DETERMINATION, positivity and flexibility are the key to making work “work” for employed Army spouses and partners and their families, according to a recent survey by the Army Families Federation (AFF).
More than 650 working spouses and partners took part in the military charity’s employment-focused survey, which showed that the majority of respondents were in administration or secretarial work. Teaching and education, health and charity were also highly-ranked professions.
The majority of working spouses/partners who took part felt working is worthwhile – not just for financial reasons but also for a sense of identity and independence. However, they do face some significant challenges.
Support from soldier influential
AFF was concerned to learn that 39 per cent of respondents said their soldier’s workload or hours mean they are unable to help with childcare responsibilities, even on an occasional basis. This was more apparent in spouses of other-rank soldiers.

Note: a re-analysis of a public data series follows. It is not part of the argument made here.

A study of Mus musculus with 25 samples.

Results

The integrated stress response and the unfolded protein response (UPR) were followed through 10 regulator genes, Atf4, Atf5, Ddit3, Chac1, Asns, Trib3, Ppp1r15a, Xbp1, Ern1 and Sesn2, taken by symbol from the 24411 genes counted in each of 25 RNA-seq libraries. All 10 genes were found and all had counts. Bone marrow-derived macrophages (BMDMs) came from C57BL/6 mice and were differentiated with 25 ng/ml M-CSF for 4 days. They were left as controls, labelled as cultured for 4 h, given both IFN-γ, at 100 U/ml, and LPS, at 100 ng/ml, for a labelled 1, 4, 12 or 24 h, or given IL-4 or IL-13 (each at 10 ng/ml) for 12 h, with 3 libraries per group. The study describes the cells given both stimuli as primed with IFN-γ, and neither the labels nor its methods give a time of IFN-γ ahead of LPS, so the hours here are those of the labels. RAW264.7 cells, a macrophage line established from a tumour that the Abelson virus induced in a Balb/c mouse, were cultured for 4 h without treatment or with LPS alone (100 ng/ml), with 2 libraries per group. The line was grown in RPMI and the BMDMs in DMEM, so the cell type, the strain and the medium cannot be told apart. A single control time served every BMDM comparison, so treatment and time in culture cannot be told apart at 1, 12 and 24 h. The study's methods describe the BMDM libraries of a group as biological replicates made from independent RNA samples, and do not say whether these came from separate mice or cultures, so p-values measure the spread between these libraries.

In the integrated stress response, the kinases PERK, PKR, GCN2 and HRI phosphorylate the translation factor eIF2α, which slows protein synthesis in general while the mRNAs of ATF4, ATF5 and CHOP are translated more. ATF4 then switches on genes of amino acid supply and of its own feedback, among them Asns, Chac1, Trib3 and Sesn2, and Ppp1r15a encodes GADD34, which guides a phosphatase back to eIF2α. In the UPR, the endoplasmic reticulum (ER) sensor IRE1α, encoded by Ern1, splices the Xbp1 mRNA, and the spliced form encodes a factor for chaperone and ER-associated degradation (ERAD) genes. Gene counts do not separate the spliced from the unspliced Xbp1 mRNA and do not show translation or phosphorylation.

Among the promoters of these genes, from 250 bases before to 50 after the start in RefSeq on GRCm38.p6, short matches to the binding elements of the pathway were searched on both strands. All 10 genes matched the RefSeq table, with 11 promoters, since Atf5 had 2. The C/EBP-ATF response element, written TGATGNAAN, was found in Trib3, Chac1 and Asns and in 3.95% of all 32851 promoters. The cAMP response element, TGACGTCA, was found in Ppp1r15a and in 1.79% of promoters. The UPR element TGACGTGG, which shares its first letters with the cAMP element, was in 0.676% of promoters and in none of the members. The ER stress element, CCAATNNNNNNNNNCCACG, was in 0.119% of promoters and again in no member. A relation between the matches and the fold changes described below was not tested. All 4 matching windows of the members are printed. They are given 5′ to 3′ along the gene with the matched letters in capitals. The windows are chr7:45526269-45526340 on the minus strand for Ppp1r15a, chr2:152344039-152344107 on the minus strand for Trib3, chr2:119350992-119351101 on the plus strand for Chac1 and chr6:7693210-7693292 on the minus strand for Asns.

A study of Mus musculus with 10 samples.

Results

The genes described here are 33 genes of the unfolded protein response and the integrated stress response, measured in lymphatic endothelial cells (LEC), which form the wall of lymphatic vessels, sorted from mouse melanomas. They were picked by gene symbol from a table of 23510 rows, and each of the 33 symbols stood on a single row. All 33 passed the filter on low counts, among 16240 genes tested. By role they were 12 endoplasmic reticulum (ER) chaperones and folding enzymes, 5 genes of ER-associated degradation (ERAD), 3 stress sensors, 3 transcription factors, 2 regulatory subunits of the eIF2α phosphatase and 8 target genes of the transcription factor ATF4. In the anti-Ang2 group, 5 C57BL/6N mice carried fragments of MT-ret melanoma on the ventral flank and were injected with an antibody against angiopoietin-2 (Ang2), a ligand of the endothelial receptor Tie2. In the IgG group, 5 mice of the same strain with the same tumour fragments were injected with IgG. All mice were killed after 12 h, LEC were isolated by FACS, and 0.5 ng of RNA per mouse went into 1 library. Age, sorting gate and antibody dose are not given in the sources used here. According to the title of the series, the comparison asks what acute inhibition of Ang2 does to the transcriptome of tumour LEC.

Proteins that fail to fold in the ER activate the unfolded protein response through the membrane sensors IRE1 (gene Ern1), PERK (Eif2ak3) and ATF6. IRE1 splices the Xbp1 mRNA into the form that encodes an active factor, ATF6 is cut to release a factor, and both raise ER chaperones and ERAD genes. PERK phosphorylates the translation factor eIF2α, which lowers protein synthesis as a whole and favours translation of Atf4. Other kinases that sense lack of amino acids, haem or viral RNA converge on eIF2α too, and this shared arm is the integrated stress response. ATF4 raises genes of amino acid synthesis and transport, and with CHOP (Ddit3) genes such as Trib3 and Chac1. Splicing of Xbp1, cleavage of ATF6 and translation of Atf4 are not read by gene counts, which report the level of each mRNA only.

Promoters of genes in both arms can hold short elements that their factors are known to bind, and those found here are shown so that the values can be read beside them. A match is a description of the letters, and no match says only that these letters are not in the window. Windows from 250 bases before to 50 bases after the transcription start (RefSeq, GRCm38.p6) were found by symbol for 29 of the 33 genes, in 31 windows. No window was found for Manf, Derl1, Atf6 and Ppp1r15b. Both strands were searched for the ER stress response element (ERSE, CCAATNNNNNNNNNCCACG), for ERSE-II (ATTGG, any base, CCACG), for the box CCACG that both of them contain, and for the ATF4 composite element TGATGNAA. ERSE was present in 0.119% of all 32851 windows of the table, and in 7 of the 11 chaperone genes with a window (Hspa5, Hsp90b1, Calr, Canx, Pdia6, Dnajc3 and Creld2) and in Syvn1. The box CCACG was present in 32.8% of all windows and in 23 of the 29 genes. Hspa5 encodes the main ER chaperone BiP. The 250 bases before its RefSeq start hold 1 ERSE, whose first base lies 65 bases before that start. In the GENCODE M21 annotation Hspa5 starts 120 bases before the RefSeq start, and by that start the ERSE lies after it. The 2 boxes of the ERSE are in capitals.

One spouse told the charity: “I have taken a lesser paid job that means I do not have to rely on my husband’s help as he is rarely able to help me with school runs.”
Unsurprisingly, those who said their soldier was able to offer support felt more strongly that working was “worth it”.
Challenges in maintaining employment
The top four challenges identified by working Army spouses and partners were:
- Cost of childcare (55 per cent)
- Lack of appropriate childcare (49 per cent)
- Frequent postings (48 per cent)
- Lack of family support (47 per cent)
AFF Policy and Research Director Louise Simpson explained: “Whilst flexible working is available to some soldiers, AFF believes the MOD and Army should promote it more widely.
“Modern families now require a fairer division of childcare and this is something that AFF will continue to push for.”
To find out more about AFF’s employment and training work, visit www.aff.org.uk and click “info”.